Hewlett-Packard Co. is turning to the Internet to try to make life easier for its customers. A 'Net-based service that automates technical support for owners of HP business PCs is scheduled to launch in April.
The new service, called Instant Support, is designed to help non-technical PC users get computer problems fixed faster and more easily so they can get back to work, says Brenda Peffer, marketing manager for HP's Commercial Computing Support Division. HP joins a growing number of PC makers, such as Dell and Compaq, expanding their automated online support.
Instant Support will be free to new customers for the length of the free technical support package that comes with new PCs, Peffer adds. After that, customers can use still it, but for an as-yet undetermined fee.
Using Instant Support requires a software agent on the client PC. You'll be able to download it from HP's site when the program begins, and HP will soon begin installing the software on new Brio and Vectra PCs. Later, the company will also ship the software on Kayak PC workstations, NetServer systems, and select notebooks. HP does not currently plan to install the Instant Support agent on its line of Pavilion home PCs.
Today's various technical support models require too much time and effort from consumers, because users often must help diagnose and solve the problem, Peffer says. Under the new service, you'll just point your browser to HP's Web site and click a button. A software agent in the PC communicates with HP's database via the Internet, and the two attempt to diagnose and solve your problem.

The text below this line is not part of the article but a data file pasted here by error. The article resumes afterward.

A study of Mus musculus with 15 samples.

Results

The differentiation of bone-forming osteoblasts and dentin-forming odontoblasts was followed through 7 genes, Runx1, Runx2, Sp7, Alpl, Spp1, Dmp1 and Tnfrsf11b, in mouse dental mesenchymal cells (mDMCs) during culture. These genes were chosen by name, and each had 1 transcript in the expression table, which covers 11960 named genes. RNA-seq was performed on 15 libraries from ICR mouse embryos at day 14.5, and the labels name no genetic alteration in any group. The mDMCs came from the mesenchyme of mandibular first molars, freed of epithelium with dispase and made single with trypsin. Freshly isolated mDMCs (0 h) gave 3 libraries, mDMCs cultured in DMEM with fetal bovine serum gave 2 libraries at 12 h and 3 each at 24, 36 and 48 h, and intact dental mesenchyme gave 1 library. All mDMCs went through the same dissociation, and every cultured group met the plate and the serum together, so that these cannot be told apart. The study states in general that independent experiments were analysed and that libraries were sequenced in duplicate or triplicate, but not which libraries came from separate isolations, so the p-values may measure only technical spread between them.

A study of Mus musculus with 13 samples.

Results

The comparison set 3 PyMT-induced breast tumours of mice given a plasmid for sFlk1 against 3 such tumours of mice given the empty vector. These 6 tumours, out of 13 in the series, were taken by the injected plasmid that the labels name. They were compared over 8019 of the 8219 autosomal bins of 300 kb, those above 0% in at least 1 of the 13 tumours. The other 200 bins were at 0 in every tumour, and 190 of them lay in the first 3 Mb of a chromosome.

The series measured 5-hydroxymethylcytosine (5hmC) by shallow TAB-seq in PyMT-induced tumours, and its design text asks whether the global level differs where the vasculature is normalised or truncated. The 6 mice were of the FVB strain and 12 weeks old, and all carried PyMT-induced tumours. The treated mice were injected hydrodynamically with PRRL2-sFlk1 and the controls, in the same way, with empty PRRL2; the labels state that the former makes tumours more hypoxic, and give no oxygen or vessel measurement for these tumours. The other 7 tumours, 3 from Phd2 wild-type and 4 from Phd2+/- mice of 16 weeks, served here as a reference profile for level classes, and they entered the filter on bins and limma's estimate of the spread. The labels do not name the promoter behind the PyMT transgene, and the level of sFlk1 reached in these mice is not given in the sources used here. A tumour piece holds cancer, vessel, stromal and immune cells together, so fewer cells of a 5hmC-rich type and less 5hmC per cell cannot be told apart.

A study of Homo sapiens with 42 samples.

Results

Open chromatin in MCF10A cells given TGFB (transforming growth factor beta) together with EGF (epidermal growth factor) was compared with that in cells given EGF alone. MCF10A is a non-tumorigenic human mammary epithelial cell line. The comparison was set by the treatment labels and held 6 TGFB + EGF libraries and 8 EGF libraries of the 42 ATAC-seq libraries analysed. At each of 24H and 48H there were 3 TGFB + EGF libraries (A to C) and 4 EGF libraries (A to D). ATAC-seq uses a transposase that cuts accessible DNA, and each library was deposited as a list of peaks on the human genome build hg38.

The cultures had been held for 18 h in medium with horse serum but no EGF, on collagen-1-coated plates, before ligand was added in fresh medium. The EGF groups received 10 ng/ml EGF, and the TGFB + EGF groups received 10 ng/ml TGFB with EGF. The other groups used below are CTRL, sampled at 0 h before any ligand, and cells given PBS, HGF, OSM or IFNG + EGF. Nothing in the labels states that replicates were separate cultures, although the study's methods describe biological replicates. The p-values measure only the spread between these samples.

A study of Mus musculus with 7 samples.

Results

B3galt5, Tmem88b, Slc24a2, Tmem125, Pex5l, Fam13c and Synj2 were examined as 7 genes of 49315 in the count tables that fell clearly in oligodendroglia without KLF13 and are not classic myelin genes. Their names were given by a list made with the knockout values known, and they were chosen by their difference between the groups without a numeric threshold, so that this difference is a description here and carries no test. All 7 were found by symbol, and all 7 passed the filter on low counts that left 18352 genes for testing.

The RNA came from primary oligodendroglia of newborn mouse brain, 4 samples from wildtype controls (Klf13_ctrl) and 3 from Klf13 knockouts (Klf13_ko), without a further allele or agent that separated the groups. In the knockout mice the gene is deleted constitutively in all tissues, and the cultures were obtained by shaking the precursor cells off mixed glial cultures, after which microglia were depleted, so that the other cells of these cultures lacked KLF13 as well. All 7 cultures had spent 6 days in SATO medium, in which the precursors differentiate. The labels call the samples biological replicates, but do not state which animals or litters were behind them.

If the problem is too complex for the automated services, a live technician at HP can access the previously compiled information and take over.
Small Business Focus
The new service has obvious appeal to home-office and small-business users, says Michele Hudnall, senior research analyst with Meta Group Inc. "It's especially good for organizations without a (technology) staff."
And if the service works as planned, not only will it save customers time and effort, but HP will save money by lowering the volume of its technical support calls, she says.
HP is targeting small businesses first, but Peffer says the company will eventually offer the service to larger companies that have their own technical support staffs.
Traditionally, these Internet-based services aren't practical for large companies because their PCs reside behind firewalls that won't allow the necessary access. HP gets around that by installing the software on a company's own servers, inside the firewall. Peffer says HP will also train technicians to use the service and update the software.
Giga's Hudnall suggests HP could be in for an uphill battle in trying to get a technology staff of a large company interested in the self-help aspects of the service.
"A lot of enterprises don't want the end-user trying to fix problems," she says. She expects most larger companies will use only some aspects of the service.